Tuesday, May 28, 2019

SummerHill by A.S.Neil


SummerHill is a the school set up by A.S.Neil in 1921. This is a progressive Education school where there is no force on kids to sit in classes. They're free either to study or play. They believe in child play. In the age of the schools where there's seldom given a thought of all-round education, this school back in the 1920s made children's freedom the main objective. It's surprising to see such a radical approach being started during those years.

 Summerhill believes in freedom. Author Neil emphasizes how we as adults should not demand the children to be just like how we want them to be. Children have to grow on their own.  Such freedom gives the child to be self-regulatory and makes his life.

'No classes, No focus on studying subjects. What do they become in life asks many.'

As there's no force on what to learn and what to practice, many kids in the school learn by their own interest. There'd be kids of age 18 who walk out of the school with basic literacy. But, still, they make a good life.

Neil in his words, says, "Creators learn what they want to learn in order to have the tools that their originality and genius demand."

By the way, Summerhill emphasizes about the kids who lived in the free environment from early childhood. It's unwise to expect a teen to attend the school and get changed immediately.




How Summerhill is different from main schools?

Summerhill wants kids to be happy in life. They need to contend in their life. They do not force any kid to attend the classes, they leave it out to the children. If they do not want to read, they'll not read. When given such freedom. Neil talks about many kids who are good in their lives. They may not be rich, engineers, doctors but they're doing what they love.

"If a child is free to approve of himself, he will not usually be hateful."

Many may assume, that freedom is of no rules. Of course, there are rules made by children. They function in a democratic way.  They have a General Body Meeting where they discuss the issues and vote it out. One student chairs the meeting and he selects the next chairing person for the next meeting.

Children need to be happy. Indeed everyone in this world ought to. Is it not for happiness that we strive for? They may become a carpenter, engineer, singer, musician. Whatever they decide to become, they'll be happy rather than doing what they don't love and spending a hateful life.

Neil also mentions how he sees success. "Success is the ability to work joyfully and to live positively."

The free Child. Letting the child to be himself outlives his various self-interests and regulates himself by his adulthood.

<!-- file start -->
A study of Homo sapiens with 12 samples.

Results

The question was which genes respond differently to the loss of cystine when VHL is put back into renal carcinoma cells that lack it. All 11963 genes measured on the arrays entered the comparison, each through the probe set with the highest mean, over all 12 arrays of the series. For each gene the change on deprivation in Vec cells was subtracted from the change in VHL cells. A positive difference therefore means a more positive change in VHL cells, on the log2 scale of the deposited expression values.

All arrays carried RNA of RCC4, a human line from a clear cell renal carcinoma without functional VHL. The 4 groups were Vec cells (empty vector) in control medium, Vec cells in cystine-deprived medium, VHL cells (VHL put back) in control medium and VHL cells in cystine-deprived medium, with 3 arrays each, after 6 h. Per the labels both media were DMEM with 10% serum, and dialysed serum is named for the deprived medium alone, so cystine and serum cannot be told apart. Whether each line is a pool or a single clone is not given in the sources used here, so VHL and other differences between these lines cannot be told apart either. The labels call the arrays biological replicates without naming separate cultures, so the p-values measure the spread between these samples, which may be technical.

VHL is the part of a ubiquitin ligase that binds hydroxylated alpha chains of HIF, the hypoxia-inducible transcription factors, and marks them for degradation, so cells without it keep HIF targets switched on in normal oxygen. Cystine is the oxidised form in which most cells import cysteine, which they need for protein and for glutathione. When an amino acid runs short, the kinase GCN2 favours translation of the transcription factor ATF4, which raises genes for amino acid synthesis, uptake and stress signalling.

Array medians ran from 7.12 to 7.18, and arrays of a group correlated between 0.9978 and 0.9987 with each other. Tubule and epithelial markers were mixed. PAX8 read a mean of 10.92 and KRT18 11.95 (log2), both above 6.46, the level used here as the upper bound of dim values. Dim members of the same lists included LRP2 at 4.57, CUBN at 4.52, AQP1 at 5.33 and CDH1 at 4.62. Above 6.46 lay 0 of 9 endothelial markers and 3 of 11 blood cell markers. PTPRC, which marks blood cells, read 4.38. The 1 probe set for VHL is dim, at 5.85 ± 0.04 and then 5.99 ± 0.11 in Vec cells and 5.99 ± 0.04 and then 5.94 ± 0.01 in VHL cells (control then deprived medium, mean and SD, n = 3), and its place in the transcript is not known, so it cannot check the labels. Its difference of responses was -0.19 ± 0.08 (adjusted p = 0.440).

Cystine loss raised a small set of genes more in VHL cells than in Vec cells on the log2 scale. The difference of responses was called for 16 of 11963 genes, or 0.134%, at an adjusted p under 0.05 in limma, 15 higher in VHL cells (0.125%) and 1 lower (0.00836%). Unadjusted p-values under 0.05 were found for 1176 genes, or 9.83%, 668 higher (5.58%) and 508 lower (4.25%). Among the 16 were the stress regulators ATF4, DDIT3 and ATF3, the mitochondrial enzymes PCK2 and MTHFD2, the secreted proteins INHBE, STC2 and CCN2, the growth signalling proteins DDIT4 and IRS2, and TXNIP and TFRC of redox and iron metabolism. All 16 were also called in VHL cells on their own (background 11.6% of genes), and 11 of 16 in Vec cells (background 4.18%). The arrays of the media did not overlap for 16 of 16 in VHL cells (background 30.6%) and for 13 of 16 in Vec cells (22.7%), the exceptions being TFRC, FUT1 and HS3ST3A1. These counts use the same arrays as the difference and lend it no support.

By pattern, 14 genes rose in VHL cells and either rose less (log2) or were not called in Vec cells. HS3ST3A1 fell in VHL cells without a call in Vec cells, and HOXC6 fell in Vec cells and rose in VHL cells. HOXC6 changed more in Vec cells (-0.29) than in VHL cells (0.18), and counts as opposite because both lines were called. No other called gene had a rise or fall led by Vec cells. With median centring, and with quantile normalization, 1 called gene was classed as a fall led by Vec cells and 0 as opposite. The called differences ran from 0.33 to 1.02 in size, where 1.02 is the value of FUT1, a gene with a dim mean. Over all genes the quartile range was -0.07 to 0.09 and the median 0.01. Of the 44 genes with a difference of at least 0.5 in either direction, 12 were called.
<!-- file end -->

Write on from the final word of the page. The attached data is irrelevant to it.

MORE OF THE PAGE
To teach children the moral values is something that comes out of fear and jealousy.  "The art of dealing with the children can be defined as knowing what not to say," says Neil.  As adults, we tend to preach and teach kids all sorts of values that we acquired. We always try to rub in our prejudices, notions, values jealousy rather than letting the child creating his own.

Be it about masturbation, destruction, hatred. There are a lot of things that we prohibit the children from, by painting a lot of things with the values we define.

Listening to this, many misinterpret freedom. "Freedom is tough," says Neil.  It's not easy to give freedom.

Giving out everything that children ask is not freedom. Neil cracks between how his school functions and how he deals with different kinds of kids in this book.

Many kids come to his school with various issues. Neil tries to analyze and solve their inhibitions, hatred.

Neil talks about the love that cures everything. To explain what love means is to explain what love is not in our terms. Neil shares a lot of anecdotes talking about how children are not to be misinterpreted.

Most of the content in the books seems relative to me. 

Ranging from Obedience to Religion, Neil discussed a lot in this book. It's quite an interesting read.

It'd be unwise to strictly take few things granted by reading the book as it's for every book. Highly recommended yet suggested to be more reflective during the reading as, one would get shocked to read various strong analysis be it on adults or the children.

To this year, also the Summerhill functions headed by Neil's daughter Zoe. The prerequisite to seeking admission to this school is that parents need to read Summerhill and discuss it with the principal. Quite an interesting read.